Have you been shunning the weight room? Okay, maybe you do not desire to develop 20-inch biceps or strong-looking thighs the size of a tree trunk. But that doesn’t mean you should ignore picking up a few pounds of weight. Look at it like this – lifting weights is not just for building strong muscles. It provides many other benefits, such as making you strong in fighting off health conditions as you age – belly fat, stress, heart disease, and maybe even cancer.
You see images of sculpted, finely chiseled bodies on websites or TV. The effort of taking the time to lift weights achieves the body you clamor for. You admire their dedication to turning their bodies into works of art, but you may believe that weightlifting is only for young athletes competing against one another.
But that is far from the truth. The truth is weightlifting for everyone. The truth is you don’t have to be young or an athlete or even famous for taking the time and effort to pick up a piece of equipment that will challenge and change your body into what you only dreamed of.
Never believe you are too awkward, old, or weak to start a weightlifting program. You can make a difference in reshaping your body no matter what stage in life you are in. Did you know that lifting weights can be beneficial for adults over 50? A study featured in The American Journal of Medicine revealed that elderly individuals who engaged in weightlifting for a duration of 18-20 weeks experienced an average muscle gain of 2.42 pounds and a strength increase of 25-30%.
So, here are several reasons why weightlifting is for everyone, including you:
Lifting weights will help define and tone muscles giving you an improved appearance. In addition, lifting weights makes everyday tasks much easier – carrying groceries, carrying kids, lifting heavy items from the floor, gardening, or making the bed.
When your muscles are toned and firm, suddenly, your clothes fit better, making you look healthier and in shape.
Building muscles creates lean muscle mass, which is more metabolically active, helping you burn extra calories even at rest. You basically become a calorie-burning machine throughout the day. As a result, your metabolism increases, a bonus in helping you lose weight.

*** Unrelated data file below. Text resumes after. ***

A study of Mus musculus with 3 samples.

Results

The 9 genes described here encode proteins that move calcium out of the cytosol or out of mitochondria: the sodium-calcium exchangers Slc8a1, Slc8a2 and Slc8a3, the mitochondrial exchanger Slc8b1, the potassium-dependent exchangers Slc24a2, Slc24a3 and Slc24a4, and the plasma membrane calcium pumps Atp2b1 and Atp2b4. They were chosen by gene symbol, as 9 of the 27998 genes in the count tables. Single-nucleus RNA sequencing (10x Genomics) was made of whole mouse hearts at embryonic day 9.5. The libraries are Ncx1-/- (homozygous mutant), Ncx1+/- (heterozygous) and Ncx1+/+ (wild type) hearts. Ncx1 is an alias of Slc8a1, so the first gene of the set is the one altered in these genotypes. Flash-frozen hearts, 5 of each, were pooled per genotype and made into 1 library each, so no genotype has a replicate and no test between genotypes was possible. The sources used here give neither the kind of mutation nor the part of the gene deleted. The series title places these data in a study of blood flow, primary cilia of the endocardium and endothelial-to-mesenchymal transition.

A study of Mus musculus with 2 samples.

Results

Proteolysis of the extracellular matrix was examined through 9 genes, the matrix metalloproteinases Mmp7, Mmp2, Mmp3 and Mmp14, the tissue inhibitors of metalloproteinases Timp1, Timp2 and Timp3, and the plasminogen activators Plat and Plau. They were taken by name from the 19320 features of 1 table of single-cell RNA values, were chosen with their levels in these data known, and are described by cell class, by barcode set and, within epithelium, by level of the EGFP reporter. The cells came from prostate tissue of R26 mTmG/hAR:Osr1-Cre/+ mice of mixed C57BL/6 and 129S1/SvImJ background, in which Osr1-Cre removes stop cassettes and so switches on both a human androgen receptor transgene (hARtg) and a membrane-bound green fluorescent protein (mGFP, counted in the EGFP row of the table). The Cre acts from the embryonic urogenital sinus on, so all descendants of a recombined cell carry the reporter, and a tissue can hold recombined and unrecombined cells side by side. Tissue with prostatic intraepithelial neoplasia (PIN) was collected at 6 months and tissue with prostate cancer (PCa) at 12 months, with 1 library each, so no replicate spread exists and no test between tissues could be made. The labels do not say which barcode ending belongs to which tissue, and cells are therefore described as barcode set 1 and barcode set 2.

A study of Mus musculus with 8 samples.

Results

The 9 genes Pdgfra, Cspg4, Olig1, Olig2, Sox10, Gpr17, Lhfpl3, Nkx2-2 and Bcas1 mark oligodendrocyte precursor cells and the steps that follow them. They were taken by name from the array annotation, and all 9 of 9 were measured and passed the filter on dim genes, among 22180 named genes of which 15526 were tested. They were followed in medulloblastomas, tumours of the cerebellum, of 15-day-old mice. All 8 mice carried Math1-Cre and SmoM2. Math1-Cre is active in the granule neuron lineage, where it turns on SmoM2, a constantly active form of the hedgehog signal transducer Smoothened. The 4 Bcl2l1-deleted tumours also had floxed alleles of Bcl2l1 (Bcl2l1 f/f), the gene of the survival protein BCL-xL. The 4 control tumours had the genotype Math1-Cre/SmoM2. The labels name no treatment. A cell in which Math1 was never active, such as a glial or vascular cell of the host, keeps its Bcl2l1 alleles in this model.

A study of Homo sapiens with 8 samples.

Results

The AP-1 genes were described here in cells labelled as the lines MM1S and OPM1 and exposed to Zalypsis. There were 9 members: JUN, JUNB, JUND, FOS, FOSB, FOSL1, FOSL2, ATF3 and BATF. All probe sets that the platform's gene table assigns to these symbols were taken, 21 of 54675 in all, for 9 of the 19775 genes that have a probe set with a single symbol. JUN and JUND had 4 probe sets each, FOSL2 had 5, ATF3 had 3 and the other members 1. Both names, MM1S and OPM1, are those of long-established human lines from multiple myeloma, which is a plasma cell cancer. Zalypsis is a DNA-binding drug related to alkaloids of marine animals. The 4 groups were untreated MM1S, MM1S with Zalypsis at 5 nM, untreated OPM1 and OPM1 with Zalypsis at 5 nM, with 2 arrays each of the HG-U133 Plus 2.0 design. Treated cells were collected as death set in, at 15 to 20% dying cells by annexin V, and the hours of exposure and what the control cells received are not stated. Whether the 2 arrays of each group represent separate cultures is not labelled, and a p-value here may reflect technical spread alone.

Weight lifting releases the “feel good” hormones called endorphins. There is also the feeling of accomplishment and pride in yourself, reinforcing your want to return regularly to lift weights, achieving that feeling repeatedly.
Lifting weights is a terrific weight-bearing exercise, necessary to build not just strong muscles but also strengthen bones. When your bones are stronger, your risk of osteoporosis is reduced.
Coaches want their athletes in the weight room to help reduce the risk of injuries. You don’t have to be an athlete to gain this benefit. Lifting weights makes muscles and bones strong and connective tissue – all the ligaments and tendons helping move your body. When connective tissue is strong, you can do more work with less risk of injury.
If you fail to keep your muscles strong, muscle mass atrophies, leading to losing balance. You will become more unstable, affecting your ability to move easily and increasing the risk of falls. Lifting weights allows your joints to move through a full range of motion, keeping you steady on your feet and enhancing your general ability to move.
As you lift weights, you breathe more deeply, causing your heart rate to go up, and giving you a mini aerobic workout. Not only does your heart get a workout, but your blood pressure tends to decrease when you pump iron regularly.
Having a toned, muscular body gives a person that boosts self-confidence, knowing that you not only look better but feel better. Feeling good about oneself results in enjoying life to its fullest. You’ll be more capable of participating in activities, making you happy, making anyone seem much younger than their years.
If weight lifting is new to you, check with your physician before starting, and always start slowly, lifting light weights. Then, consult with a personal trainer or attend a weight lifting class to learn proper form and how heavy weights, to begin with.
Weight training does not have to be intimidating. You can lift the light weights you want or build up to heavier weights achieving your personal fitness goals. The important thing is to take the initiative to begin lifting and discovering how well your body will respond to a healthy method of getting in shape.
Dr. David Samadi is the Director of Men’s Health and Urologic Oncology at St. Francis Hospital in Long Island. He’s a renowned and highly successful board certified Urologic Oncologist Expert and Robotic Surgeon in New York City, regarded as one of the leading prostate surgeons in the U.S., with a vast expertise in prostate cancer treatment and Robotic-Assisted Laparoscopic Prostatectomy. Dr. Samadi is a medical contributor to NewsMax TV and is also the author of The Ultimate MANual, Dr. Samadi’s Guide to Men’s Health and Wellness, available online both on Amazon and Barnes & Noble. Visit Dr. Samadi’s websites at robotic oncology and prostate cancer 911.